William Bradford is the author of the journal "Of Plymouth Plantation." The genre of it would best be considered a comprehensive journal. It begins in 1608 when the pilgrims left Britain to settle in what is now the Netherlands. The journal continues through 1620. That narrative description is focused on the journey of the Mayflower to the New World. Bradford continued to write through 1647 about the pilgrims themselves, their relationship with the Native Americans, and life in the New World.
Bradford likely never intended his manuscript to be published, which is evidenced by the following quote:
"I have been the larger in these things, and so shall crave leave in some like passages following, (though in other things I shall labour to be more contract) that their children may see with what difficulties their fathers wrestled in going through these things in their first beginnings, and how God brought them along notwithstanding all their weaknesses and infirmities. As also that some use may be made hereof in after times by others in such like weighty employments; and herewith I will end this chapter."
He did intend for it to be taken care of and read by others, but not necessarily published.
His description of arriving in the world is a solid passage to choose. It shows the deep faith of the pilgrims and their extreme relief at having arrived at their destination.
"Being thus arived in a good harbor and brought safe to land, they fell upon their knees & blessed ye God of heaven, who had brought them over ye vast & furious ocean, and delivered them from all ye periles & miseries therof, againe to set their feete on ye firme and stable earth, their proper elemente."
Another passage is Bradford's narration of meeting Squanto and other Native Americans. It's an important passage because it explains the terms of a treaty of sorts struck between the pilgrims and the natives.
"All this while the Indians came skulking about them, and would sometimes show themselves aloof off, but when any approached near them, they would run away; and once they stole away their tools where they had been at work and were gone to dinner.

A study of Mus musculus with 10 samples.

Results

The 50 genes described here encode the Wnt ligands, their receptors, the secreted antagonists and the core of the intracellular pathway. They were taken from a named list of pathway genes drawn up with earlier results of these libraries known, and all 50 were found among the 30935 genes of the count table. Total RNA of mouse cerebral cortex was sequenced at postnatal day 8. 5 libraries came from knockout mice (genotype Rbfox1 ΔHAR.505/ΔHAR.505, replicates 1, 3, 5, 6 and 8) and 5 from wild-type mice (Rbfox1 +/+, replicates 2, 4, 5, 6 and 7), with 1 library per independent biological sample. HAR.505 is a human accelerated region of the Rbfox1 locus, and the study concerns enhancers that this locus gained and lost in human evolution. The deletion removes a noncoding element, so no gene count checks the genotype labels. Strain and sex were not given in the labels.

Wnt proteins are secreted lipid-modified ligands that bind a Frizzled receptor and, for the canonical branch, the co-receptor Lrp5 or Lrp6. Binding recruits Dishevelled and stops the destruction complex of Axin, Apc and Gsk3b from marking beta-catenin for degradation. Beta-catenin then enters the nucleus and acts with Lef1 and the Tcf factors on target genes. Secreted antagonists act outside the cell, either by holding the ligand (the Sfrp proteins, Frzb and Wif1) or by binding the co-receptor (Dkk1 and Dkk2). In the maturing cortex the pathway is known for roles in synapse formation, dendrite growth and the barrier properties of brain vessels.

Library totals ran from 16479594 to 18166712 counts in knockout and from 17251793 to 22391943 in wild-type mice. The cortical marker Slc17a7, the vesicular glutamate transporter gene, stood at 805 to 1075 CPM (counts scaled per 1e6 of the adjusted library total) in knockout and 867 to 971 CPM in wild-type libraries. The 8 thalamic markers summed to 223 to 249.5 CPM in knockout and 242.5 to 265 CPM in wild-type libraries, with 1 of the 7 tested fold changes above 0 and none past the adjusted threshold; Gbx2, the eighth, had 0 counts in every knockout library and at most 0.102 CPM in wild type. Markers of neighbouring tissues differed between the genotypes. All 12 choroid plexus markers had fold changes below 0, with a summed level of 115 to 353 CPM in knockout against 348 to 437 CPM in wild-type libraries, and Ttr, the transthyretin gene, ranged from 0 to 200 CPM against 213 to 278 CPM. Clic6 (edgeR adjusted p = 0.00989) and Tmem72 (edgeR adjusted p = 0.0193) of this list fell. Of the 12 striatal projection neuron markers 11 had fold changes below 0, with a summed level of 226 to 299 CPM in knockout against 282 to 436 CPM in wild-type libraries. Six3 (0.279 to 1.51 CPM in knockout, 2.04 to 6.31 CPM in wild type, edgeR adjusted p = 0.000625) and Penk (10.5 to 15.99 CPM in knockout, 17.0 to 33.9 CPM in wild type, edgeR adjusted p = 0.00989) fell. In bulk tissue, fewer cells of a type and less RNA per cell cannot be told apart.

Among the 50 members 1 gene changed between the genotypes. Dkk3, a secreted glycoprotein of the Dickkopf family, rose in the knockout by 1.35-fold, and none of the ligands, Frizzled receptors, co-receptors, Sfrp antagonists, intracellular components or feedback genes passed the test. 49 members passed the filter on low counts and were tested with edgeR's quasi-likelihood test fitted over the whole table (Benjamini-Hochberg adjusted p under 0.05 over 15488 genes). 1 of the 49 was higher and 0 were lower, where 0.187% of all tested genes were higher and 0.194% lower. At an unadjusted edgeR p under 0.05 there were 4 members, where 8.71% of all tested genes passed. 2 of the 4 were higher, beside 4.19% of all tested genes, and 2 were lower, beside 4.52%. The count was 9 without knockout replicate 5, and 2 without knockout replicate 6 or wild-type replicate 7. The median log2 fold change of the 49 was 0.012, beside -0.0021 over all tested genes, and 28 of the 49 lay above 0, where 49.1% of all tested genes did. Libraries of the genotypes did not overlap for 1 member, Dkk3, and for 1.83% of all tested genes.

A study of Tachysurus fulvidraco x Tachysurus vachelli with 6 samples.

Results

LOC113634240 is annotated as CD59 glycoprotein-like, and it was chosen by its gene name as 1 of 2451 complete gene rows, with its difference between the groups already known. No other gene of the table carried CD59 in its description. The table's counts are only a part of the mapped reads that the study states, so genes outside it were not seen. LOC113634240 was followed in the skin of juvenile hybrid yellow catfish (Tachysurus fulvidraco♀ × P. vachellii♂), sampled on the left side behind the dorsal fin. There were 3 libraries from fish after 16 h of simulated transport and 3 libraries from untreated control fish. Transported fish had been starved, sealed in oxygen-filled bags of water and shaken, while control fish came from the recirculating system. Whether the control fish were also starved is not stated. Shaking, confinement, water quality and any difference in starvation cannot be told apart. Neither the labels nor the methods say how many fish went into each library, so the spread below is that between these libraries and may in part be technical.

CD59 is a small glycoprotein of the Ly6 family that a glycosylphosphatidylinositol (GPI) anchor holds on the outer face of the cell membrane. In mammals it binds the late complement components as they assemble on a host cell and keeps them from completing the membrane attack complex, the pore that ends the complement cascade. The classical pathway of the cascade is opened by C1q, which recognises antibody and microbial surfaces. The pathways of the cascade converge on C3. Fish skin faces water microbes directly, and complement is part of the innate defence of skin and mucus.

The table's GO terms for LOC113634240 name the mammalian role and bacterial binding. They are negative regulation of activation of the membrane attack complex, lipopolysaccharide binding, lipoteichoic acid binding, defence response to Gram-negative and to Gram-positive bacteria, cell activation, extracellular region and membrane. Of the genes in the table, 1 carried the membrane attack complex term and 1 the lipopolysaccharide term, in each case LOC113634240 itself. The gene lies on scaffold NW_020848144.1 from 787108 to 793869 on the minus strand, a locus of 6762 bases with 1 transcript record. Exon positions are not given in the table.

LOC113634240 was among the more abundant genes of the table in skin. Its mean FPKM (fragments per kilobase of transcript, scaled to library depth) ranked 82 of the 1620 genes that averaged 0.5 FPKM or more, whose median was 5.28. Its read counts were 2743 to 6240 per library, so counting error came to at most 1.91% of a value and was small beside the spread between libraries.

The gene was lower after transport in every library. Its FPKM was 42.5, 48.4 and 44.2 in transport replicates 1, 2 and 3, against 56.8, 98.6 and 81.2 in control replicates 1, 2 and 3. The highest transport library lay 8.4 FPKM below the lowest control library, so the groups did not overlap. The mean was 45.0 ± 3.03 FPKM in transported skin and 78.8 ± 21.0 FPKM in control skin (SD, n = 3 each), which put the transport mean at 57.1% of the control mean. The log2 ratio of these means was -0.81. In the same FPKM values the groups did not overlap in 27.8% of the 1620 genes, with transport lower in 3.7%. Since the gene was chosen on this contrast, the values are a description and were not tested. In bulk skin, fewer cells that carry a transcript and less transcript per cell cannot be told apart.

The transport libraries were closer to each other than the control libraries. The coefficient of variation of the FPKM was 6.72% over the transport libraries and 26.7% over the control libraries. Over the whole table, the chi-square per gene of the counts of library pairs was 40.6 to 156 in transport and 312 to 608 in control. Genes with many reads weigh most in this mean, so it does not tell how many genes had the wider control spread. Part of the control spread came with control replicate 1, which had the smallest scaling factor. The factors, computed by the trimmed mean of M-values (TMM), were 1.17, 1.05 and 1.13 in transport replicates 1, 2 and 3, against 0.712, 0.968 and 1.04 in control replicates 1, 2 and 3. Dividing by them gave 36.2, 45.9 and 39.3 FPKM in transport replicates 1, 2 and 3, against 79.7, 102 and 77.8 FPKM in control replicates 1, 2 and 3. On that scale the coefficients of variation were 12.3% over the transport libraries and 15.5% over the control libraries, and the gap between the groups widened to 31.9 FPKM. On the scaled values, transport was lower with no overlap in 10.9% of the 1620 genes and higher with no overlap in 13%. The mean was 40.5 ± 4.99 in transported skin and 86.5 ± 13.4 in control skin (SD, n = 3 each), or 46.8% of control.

But about the 16th of March, a certain Indian came boldly amongst them and spoke to them in broken English, which they could well understand but marveled at it. At length they understood by discourse with him, that he was not of these parts, but belonged to the eastern parts where some English ships came to fish, with whom he was acquainted and could name sundry of them by their names, amongst whom he had got his language. He became profitable to them in acquainting them with many things concerning the state of the country in the east parts where he lived, which was afterwards profitable unto them; as also of the people here, of their names, number and strength, of their situation and distance from this place, and who was chief amongst them. His name was Samoset. He told them also of another Indian whose name was Sguanto, a native of this place, who had been in England and could speak better English than himself.
Being after some time of entertainment and gifts dismissed, a while after he came again, and five more with him, and they brought again all the tools that were stolen away before, and made way for the coming of their great Sachem, called Massasoit. Who, about four or five days after, came with the chief of his friends and other attendance, with the aforesaid Squanto. With whom, after friendly entertainment and some gifts given him, they made a peace with him (which hath now continued this 24 years) in these terms:
1. That neither he nor any of his should injure or do hurt to any of their people.
2. That if any of his did hurt to any of theirs, he should send the offender, that they might punish him.
3. That if anything were taken away from any of theirs, he should cause it to be restored; and they should do the like to his.
4. If any did unjustly war against him, they would aid him; if any did war against them, he should aid them.
5. He should send to his neighbors confederates to certify them of this, that they might not wrong them, but might be likewise comprised in the conditions of peace.
6. That when their men came to them, they should leave their bows and arrows behind them.
After these things he returned to his place called Sowams, some 40 miles from this place, but Squanto continued with them and was their interpreter and was a special instrument sent of God for their good beyond their expectation. He directed them how to set their corn, where to take fish, and to procure other commodities, and was also their pilot to bring them to unknown places for their profit, and never left them till he died.
He was a native of this place, and scarce any left alive besides himself. He we carried away with divers others by one Hunt, a master of a ship, who thought to sell them for slaves in Spain. But he got away for England and was entertained by a merchant in London, and employed to Newfoundland and other parts, and lastly brought hither into these parts by one Mr. Dermer, a gentleman employed by Sir Ferdinando Gorges and others for discovery and other designs in these parts."